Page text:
Marcelo Puente and Ermonela Jaho in Madama Butterfly © ROH 2017. Photograph by Bill Cooper

Marcelo Puente and Ermonela Jaho in Madama Butterfly © ROH 2017. Photograph by Bill Cooper

 
Now I’m no musical purist, but this week I’ve had my head turned and opinion completely changed by something wonderful, namely, watching opera in the cinema. I had previously written off the streaming of live opera as a gimmick, something probably inferior to the whole experience of a night at the opera. So, you can imagine my delight deep scepticism when my better half dragged me off to the local Odeon this week…well, actually the deal was sweetened with a meal and wine beforehand, so the watching of the opera was going to be more of a minor inconvenience!

Anyway, oh, how wrong I was.

Settling down in my seat, I had that feeling of apprehension you get when faced with being captive for three hours of ‘entertainment’ in front of you. Looking around, it occurred to me that these types of events must be very popular judging by the packed cinema (all terribly well behaved too, I might add).

Up pops Clemency Burton-Hill introducing the evening and talking to some of the cast and crew. So far, so good. Then followed several pieces of prepared video featuring the background to the show; this was a particularly nice touch, a bridge between TV broadcast and theatre, like a visual/digital programme.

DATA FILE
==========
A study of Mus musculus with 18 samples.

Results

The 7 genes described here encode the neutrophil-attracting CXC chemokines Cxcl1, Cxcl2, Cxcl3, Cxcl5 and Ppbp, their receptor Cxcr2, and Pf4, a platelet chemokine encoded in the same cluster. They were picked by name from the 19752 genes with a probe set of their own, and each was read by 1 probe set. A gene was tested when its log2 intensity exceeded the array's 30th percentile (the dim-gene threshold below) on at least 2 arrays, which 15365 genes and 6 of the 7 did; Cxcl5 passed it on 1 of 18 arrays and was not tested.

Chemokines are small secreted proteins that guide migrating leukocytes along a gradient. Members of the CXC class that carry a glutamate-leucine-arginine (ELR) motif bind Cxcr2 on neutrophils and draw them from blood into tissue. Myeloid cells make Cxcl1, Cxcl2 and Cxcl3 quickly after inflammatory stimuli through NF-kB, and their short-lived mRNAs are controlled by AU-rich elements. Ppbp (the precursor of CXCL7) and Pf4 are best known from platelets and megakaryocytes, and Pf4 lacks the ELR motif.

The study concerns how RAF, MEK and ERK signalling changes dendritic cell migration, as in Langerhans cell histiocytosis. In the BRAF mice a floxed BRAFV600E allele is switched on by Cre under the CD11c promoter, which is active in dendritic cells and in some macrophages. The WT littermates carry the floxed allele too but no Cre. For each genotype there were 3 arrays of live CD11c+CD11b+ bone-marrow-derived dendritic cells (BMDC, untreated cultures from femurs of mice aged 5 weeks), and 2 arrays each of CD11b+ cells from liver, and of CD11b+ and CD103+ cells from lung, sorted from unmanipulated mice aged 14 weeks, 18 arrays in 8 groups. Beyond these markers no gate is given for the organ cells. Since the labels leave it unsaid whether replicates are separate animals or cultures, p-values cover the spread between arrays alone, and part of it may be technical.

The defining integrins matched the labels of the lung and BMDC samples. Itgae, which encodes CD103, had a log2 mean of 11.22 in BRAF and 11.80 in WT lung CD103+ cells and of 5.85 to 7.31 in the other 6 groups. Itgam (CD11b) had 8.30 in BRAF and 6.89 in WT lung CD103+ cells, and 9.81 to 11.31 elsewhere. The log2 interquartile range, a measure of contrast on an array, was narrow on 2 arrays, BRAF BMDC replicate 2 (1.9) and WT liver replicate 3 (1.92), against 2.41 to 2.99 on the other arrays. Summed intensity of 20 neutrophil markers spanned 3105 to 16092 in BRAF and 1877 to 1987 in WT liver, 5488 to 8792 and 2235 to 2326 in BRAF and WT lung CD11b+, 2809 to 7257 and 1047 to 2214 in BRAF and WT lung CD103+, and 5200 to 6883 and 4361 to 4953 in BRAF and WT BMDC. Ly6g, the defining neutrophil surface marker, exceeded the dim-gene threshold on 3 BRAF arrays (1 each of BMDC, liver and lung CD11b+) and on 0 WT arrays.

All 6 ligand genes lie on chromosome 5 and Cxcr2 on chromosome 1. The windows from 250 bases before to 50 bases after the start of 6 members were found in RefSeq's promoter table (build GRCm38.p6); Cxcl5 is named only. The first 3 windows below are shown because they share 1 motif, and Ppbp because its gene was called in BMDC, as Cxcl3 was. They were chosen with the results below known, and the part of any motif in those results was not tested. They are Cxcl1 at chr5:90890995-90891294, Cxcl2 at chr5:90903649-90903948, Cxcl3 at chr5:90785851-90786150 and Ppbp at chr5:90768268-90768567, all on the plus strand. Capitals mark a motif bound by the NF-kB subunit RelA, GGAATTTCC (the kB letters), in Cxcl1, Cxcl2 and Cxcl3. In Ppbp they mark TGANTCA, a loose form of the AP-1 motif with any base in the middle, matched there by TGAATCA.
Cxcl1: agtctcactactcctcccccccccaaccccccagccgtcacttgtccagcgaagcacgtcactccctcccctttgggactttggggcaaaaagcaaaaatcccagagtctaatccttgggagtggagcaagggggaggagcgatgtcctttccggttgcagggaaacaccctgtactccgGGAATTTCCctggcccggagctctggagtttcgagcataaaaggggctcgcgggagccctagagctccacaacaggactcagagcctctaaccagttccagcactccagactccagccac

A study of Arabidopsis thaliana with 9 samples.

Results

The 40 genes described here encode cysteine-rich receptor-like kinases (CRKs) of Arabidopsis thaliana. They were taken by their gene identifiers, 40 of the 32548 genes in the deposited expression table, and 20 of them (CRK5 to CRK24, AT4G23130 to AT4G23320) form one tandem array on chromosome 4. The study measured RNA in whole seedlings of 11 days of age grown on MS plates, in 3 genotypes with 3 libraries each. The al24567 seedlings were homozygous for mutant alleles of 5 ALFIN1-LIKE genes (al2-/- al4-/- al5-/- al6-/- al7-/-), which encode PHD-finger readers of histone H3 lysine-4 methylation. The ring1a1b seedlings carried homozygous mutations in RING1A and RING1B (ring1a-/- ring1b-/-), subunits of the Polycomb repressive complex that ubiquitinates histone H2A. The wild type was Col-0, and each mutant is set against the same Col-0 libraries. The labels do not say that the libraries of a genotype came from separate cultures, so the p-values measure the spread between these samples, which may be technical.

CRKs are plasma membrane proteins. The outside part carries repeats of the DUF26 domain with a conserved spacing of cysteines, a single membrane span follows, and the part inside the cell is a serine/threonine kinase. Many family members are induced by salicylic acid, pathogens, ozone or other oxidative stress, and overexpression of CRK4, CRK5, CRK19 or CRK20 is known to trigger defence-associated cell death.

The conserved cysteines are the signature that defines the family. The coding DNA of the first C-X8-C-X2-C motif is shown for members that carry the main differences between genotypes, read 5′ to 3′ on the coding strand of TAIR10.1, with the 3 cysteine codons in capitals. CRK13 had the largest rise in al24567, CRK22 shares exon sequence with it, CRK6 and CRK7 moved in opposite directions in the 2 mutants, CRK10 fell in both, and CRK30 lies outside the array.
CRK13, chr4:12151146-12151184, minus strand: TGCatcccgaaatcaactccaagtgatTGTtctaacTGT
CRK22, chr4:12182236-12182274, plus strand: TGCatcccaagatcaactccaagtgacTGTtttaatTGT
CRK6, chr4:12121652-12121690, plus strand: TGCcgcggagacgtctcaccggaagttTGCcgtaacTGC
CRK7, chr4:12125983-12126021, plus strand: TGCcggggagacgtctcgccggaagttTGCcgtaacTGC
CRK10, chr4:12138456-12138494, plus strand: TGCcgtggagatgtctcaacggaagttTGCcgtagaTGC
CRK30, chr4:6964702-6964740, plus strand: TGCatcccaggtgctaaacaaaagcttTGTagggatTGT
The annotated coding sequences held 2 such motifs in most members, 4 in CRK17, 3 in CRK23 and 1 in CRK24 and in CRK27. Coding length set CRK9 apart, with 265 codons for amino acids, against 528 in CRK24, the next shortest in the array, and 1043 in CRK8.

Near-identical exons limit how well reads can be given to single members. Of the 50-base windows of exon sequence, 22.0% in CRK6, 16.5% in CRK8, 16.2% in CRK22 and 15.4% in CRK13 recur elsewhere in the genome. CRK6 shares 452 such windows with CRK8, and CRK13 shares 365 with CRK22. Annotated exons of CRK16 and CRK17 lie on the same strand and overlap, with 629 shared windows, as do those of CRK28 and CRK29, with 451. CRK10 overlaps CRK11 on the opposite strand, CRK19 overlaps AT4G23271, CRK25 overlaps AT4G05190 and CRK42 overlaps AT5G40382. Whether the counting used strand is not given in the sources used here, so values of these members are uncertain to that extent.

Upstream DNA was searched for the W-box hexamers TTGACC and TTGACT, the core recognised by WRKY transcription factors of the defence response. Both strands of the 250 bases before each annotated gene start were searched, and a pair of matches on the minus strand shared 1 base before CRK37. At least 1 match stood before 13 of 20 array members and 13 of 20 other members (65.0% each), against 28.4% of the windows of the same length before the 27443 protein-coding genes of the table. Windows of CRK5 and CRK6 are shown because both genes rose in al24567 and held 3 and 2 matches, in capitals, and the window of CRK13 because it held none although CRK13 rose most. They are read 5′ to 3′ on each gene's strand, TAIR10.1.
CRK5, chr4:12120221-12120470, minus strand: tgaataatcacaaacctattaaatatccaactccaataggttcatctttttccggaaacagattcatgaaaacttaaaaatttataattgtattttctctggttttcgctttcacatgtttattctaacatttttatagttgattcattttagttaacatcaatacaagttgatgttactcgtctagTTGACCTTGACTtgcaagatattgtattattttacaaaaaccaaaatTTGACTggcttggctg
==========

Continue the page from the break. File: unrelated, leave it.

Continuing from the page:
And so it began: the Royal Opera House’s 2017 production of Puccini’s Madama Butterfly. Wow. I really should have had more faith in the ROH! Of course, I expected a top notch cast and production, and they certainly did not disappoint in this regard, but I wasn’t expecting this level of visual and audio quality. You get a view in the cinema that is better than any of the best seats, in high definition, and with very handy subtitles (if your Italian is as bad as mine). But the sound, this is where it really came into its own for me.

The technical crew had very sympathetically mic’d up the orchestra and, when streamed and played back through the cinema’s powerful surround sound system, it was as if you were sat right where Antonio Pappano was conducting. Quite simply, it was stunning in effect. As a typical composer, it made me wonder what other pieces of music would sound like mic’d and broadcast through surround sound.

Production photo of Madama Butterfly © ROH 2017. Photograph by Bill Cooper
Production photo of Madama Butterfly © ROH 2017. Photograph by Bill Cooper

It really is quite revitalising hearing something you’re familiar with broadcast in a new way. When combined with the beautiful staging, lighting and delivery of the opera, it made for a very, very compelling evening’s entertainment and I think I may well prefer this format. So, I urge you to try it! The ROH broadcast such events to cinemas worldwide and you can also follow up on details of the production, and the background to the opera, by accessing the full digital programme for free HERE ( Use promocode: FREEBUTTERFLY ).

Quick to get to. Comfortable. Superior view. Superior audio. Inexpensive (UK tickets were £15). What’s not to like? Well done ROH and here’s to many more successful productions! #ROHbutterfly


Chris is a music tutor and composition mentor at iAM Eduation. More information can be found at www.iam-education.com.

One thought on “Opera in the Cinema: I’m Converted!

  1. I wonder if they will ever do Birtwhistle’s “Punch and Judy”? Now that would be good in close up with all that gore. Maybe a Tarantino production? Lol!